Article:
How to Clear Blocked Drains
When you first begin to notice the tell-tale signs that your drains may be slowly becoming blocked, then its time to act. Slow sink drainage, extended gurgling noises and the occasional stagnant waft are the associated indicators that you need to consider your options. Depending on the severity of your blocked drains Brisbane there are a range of possible measures to combat the clog and our advice below outlines the increase level of options you can take, ranging from do-it-yourself to get the professionals in.
More often than not, blocked drains are caused by the steady build up of soap, fat and things such as coffee grounds that have gathered on the surface of the water in the pipe. The most effective first measure is to fill your sink (and the drainer too if you have one) with soapy boiling water, then pull the plug to release the full sink into the drain. Be very careful not to scald yourself in the full sink. The aim here is to provide a quick powerful flush which helps to break up the crust or blockage with heat and water-power. As an alternative to soapy or detergent based water, try adding a mixture of salt, bicarbonate of soda and vinegar – generally half a cup of each – with a cup of hot water and washing it down the drain. These ingredients help to break down soap and fat, but if these methods fail, read on.
In the old days a popular method of unblocking a drain was to use a plunger and plenty of elbow grease. Plungers were and still are very effective and work by forcing air through the pipes, which in turn helps to break the blockage free, because often they have bonded themselves to the insides of the pipe where they sit too. Depending on your set up you may have to block off the drain in the second sink or drainer, to ensure the air pressure is forced down the pipe, and not out of the nearest adjoining plughole.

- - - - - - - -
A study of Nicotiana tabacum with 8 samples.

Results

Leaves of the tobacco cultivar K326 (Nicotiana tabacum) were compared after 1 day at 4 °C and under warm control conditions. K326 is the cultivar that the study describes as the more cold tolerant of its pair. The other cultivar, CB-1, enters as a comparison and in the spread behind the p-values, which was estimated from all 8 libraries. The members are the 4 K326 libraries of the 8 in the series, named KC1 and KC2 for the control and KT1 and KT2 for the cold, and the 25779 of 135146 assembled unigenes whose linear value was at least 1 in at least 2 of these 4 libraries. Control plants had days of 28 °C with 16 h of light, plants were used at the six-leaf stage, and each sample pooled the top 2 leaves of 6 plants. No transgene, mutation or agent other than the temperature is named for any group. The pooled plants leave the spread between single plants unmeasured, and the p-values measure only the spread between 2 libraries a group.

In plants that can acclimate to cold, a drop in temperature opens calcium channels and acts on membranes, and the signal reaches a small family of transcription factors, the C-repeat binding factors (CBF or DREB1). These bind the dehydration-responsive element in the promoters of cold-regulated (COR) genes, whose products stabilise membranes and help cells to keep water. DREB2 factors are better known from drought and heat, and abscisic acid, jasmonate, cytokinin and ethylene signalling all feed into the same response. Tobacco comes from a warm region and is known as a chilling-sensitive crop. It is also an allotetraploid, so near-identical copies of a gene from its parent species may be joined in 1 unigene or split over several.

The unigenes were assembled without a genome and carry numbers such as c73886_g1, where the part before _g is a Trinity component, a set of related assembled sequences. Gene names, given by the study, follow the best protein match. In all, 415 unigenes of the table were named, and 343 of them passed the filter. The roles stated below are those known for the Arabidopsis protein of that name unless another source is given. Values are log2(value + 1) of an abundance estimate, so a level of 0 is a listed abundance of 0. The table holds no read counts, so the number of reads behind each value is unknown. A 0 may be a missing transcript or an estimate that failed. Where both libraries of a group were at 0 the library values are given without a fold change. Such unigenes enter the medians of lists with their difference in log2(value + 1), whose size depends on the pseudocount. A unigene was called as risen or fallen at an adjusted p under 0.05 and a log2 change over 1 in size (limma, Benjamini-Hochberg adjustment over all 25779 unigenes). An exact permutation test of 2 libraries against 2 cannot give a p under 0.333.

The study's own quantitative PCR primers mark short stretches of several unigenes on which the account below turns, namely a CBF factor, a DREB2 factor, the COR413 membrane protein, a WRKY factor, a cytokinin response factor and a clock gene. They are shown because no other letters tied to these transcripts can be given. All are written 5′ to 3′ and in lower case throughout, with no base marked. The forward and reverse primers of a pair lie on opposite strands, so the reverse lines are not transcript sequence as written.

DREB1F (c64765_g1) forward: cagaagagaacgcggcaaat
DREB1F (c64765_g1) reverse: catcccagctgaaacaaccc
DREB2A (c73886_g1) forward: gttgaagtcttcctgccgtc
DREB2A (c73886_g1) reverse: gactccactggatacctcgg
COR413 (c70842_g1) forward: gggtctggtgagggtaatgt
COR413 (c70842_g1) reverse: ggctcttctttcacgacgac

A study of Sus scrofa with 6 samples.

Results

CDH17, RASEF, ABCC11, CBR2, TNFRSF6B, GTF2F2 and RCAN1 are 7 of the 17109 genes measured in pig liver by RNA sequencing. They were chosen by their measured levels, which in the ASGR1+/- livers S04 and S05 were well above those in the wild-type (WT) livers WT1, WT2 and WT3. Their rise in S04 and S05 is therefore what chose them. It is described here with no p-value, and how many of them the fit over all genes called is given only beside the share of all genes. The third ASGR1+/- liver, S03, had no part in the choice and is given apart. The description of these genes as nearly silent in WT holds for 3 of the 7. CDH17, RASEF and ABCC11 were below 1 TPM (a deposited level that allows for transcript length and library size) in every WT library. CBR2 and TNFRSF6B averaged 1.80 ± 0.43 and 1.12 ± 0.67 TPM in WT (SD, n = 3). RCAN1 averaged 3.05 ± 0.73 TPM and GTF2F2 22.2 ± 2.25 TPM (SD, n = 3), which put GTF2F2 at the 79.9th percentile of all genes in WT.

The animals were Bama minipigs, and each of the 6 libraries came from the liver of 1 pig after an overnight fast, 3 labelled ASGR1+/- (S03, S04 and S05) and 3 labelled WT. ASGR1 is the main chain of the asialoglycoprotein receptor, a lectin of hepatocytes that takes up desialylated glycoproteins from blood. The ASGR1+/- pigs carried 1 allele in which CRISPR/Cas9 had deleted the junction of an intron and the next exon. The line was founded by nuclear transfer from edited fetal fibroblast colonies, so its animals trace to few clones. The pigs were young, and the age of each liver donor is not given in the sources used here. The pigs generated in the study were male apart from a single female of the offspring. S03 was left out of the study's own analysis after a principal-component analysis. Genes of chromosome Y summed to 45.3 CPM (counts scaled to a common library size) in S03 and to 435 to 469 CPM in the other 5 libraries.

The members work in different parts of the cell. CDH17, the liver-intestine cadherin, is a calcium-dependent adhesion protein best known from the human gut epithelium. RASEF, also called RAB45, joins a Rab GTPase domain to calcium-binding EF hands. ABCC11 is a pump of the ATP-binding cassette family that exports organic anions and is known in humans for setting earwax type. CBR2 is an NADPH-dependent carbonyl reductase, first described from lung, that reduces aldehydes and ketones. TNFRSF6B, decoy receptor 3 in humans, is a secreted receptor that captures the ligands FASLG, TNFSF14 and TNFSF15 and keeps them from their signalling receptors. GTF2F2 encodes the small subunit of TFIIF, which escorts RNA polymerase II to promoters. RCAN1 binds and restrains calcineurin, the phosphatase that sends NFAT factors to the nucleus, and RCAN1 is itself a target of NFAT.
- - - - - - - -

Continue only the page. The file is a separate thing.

Stage three drain clearance requires a more caustic approach. The use of drain un-blocker products that you can purchase at the supermarkets is one alternative, but others include caustic soda and hydrochloric acid which can be bought from DIY stores such as Bunnings. The general process of events with these solutions are to leave them in the affected pipes for about thirty minutes, to enable them to attack and break down the blockage. It is advisable not to leave them for too long because they can have the adverse effect of corroding the pipes if they are made of PVC. An additional word of advice is to begin flushing the chemicals out with cold water first. If they’ve not worked properly and are backed up in the pipe, and you then add boiling water, the chances are that the solution could spray back, and if it gets onto your skin or in your eyes then you will be in for a rather unpleasant time. Be sure to always wear protective clothing such as gloves and a facemask, and preferable wear old clothes so that they don’t get spoiled.
At this point, if your blockage is still evident then it’s time to call in a professional plumber or drain cleaning specialist. Drain cleaning technologies such as electric eels and hydro-jets can be hired but, if you don’t really know what you are doing then you stand every chance of making things worse. Plumbers have a wealth of technology to help them first locate and then either remove the blockage or repair the damage that caused it in the first place.